ODAC Rejects Neomark, a Prognostic Test for Breast Cancer

BETHESDA, Md—The Oncologic Drugs Advisory Committee (ODAC), citing problems with the study data presented to it, voted not to recommend to the FDA that it approve Neomark (broxuridine for injection, NeoPharm) “for use as a cell proliferation marker to determine the Labeling Index in breast cancer.”

The company’s request for marketing approval led ODAC members into territory unfamiliar to both the FDA and the panel, the issue of how to forecast the likely outcomes of cancer patients. Committee members expressed concern about the small number of patients, the statistical interpretations of the data, and the value of approving a test whose value to individual patients appeared uncertain.

An intense discussion ensued between committee members and Robert Temple, MD, director of the FDA’s Office of Drug Evaluation I, over the value of prognostic tests and what kinds of studies might prove useful in determining their effectiveness.

In the end, committee members generally agreed that prognostic tests shown to be effective by better studies than those presented for Neomark would be valuable—and could win approval—even without providing therapeutic direction to physicians. “People who are pursuing this need to know what hurdles they must overcome,” Dr. Temple said.

NeoPharm president and chief executive officer William C. Govier, MD, PhD, noted that Neomark is not a therapeutic agent or diagnostic tool, and is not meant to direct a physician to use any specific therapy. Instead, he said, the drug is intended to determine a tumor’s Labeling Index, which clinical trials reveal is indicative of the probability that a cancer will recur.

“Neomark is an important tool to rapidly obtain prognostic information about a breast carcinoma,” he said. NeoPharm argued that the Labeling Index is as good or better at predicting recurrence than current prognostic approaches and that the drug is easier to use in determining a Labeling Index than radioactive 3H-thymidine.

Neomark, a thymidine analog, is infused shortly before surgery and incorporated into the DNA of dividing cancer cells. After surgery, the tumor tissue is treated with a monoclonal antibody and reagents, which stain the dividing cells brown. Counting the total number of cancer cells in the tumor specimen and dividing it by the number of dividing cells gives the Labeling Index.

Value of the ‘Labeling Index’

NeoPharm presented combined data from two prospective studies in support of its drug: A 207-patient study at the University of California, San Francisco, and a 33-patient study at the State University of New York in Syracuse.

The company argued that the data show that women with a Labeling Index greater than 8 have a 16-fold greater risk of death and a fourfold greater risk of recurrence than women below the 8 cut-off mark. “If the Labeling Index is high, our data indicate the cause for alarm is high,” Dr. Govier told the panel.

He also argued that the drug is safe, with only three known instances of adverse effects—one case of mild hypertension, one headache, and one incidence of vomiting. Three university-based on-cologists who had participated in the Neomark studies voiced their support for the drug as a prognostic tool.

Nonetheless, the company’s presentation left panel members skeptical. “I’m concerned about drawing strong conclusions from a minimally small data set,” remarked Richard M. Simon, DSc, chief of the Biometric Research Branch at the National Cancer Institute.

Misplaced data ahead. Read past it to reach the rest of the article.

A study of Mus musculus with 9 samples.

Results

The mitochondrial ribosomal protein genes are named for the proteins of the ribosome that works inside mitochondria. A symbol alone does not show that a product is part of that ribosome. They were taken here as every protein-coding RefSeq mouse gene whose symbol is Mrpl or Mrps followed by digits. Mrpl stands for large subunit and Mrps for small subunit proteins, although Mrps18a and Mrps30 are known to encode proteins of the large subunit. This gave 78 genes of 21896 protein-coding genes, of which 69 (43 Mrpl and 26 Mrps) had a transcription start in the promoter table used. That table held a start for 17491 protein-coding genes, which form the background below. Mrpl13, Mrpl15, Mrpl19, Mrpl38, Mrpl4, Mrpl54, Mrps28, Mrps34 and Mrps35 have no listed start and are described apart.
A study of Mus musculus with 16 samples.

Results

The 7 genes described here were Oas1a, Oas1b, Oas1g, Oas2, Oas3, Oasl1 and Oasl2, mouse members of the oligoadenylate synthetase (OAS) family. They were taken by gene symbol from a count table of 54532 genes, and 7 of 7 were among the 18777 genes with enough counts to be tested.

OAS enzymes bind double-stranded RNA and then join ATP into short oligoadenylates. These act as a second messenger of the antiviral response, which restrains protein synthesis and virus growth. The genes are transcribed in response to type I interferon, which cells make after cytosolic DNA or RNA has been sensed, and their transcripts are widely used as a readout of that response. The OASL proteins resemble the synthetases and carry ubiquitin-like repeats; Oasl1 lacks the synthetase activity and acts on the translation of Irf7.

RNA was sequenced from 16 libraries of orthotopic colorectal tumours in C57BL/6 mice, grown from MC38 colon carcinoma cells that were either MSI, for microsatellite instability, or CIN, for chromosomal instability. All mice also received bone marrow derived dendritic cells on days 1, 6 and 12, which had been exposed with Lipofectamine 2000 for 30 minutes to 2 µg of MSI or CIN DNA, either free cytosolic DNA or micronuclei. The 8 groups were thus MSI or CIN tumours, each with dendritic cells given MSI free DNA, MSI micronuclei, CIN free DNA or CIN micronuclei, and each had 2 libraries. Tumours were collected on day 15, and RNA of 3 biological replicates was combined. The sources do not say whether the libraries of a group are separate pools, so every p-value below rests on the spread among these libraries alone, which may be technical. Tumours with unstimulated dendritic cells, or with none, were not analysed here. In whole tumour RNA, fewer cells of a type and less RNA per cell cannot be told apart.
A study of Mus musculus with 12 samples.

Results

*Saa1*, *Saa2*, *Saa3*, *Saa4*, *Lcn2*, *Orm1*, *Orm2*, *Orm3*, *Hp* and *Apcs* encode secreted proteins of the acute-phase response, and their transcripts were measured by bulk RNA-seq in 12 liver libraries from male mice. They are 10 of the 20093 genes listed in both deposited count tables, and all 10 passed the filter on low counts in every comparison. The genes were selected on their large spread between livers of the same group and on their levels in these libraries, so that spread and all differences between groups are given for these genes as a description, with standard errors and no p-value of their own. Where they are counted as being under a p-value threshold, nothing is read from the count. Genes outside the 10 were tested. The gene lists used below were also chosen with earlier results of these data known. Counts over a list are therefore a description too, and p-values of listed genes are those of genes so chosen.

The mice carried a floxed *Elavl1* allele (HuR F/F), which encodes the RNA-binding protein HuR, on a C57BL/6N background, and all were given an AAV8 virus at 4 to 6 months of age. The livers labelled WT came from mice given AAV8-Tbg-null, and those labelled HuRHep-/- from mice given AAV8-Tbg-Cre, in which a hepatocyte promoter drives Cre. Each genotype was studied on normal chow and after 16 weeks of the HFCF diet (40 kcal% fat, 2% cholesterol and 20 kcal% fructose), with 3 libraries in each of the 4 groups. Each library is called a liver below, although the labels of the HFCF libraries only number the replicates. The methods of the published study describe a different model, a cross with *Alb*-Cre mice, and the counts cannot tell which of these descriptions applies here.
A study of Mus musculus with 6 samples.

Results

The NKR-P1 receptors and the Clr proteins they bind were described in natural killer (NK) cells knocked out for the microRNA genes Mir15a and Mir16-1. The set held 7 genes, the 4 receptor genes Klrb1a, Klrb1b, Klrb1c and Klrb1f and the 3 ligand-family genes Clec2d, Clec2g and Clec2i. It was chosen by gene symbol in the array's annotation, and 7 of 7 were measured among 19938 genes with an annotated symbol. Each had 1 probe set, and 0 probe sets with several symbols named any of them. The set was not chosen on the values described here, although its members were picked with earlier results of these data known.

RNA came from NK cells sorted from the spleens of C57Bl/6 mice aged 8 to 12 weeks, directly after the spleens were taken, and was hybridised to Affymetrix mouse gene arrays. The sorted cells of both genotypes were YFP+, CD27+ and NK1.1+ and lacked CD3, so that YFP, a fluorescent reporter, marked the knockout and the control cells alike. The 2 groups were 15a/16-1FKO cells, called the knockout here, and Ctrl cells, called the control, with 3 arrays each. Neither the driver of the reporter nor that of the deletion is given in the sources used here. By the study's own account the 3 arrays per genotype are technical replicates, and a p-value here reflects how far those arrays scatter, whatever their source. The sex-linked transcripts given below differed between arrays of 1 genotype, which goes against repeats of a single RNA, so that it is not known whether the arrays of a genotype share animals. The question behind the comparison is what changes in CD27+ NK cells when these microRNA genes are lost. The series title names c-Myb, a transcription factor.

Concerns were strengthened by the findings of the FDA review team, presented by Karen Johnson, MD. In the San Francisco study, for example, she said that “there was not a methodical basis for assessing recurrent disease status in these patients.”

FDA reviewers also concluded that only 198 patients had received infused Neomark and that the sponsor had excluded 35 of these from the analysis for various reasons.

Small Study Size

The small size of the Syracuse study, its median follow-up of only 2.3 years, and the exclusion of five patients from analysis “does not allow determination of whether the two studies are compatible for merging,” as the company did in its presentation, Dr. Johnson said.

Thus, the FDA based its analysis on data from only 163 patients in the San Francisco trial. Reviewers did find a correlation between survival and the Labeling Index as determined by Neomark infusion. However, Dr. Johnson said, “the study procedures for assessing relapse-free survival were not sufficiently defined to warrant the use of broxuridine-labeling for prognostication of relapse.”

The ODAC Vote

Questions and discussion by the committee clearly indicated that members felt uncomfortable with the Neomark data. This was reflected in their eventual 9 to 0 vote, with one abstention, that the drug did not provide “clinically meaningful information for physicians and breast cancer patients,” and their vote without dissent against recommending Neomark.

“I just have a lot of trouble with the data and extrapolating it to clinical use,” said Sandra Swan, MD, medical director of the Comprehensive Breast Center of Greater Washington (DC).

“My guess is that they are probably on to something, but our role is not to guess,” remarked Derek Raghavan, MD, PhD, chief of solid tumor oncology and investigation therapeutics, Roswell Park Cancer Institute.	

Several FDA officials at the hearing seemed particularly concerned with getting guidance from the panel with regard to future trials of prognostic products in cancer patients. Committee members generally seemed to agree with Dr. Raghavan when he said: “There are all sorts of clinical and personal decisions—more personal than clinical ones—that would make such information useful to a patient.”

Dr. Temple finally told the panel that, based on the discussion, “I am going to understand that most of you think an effective, good prognosticator indicator would be acceptable.”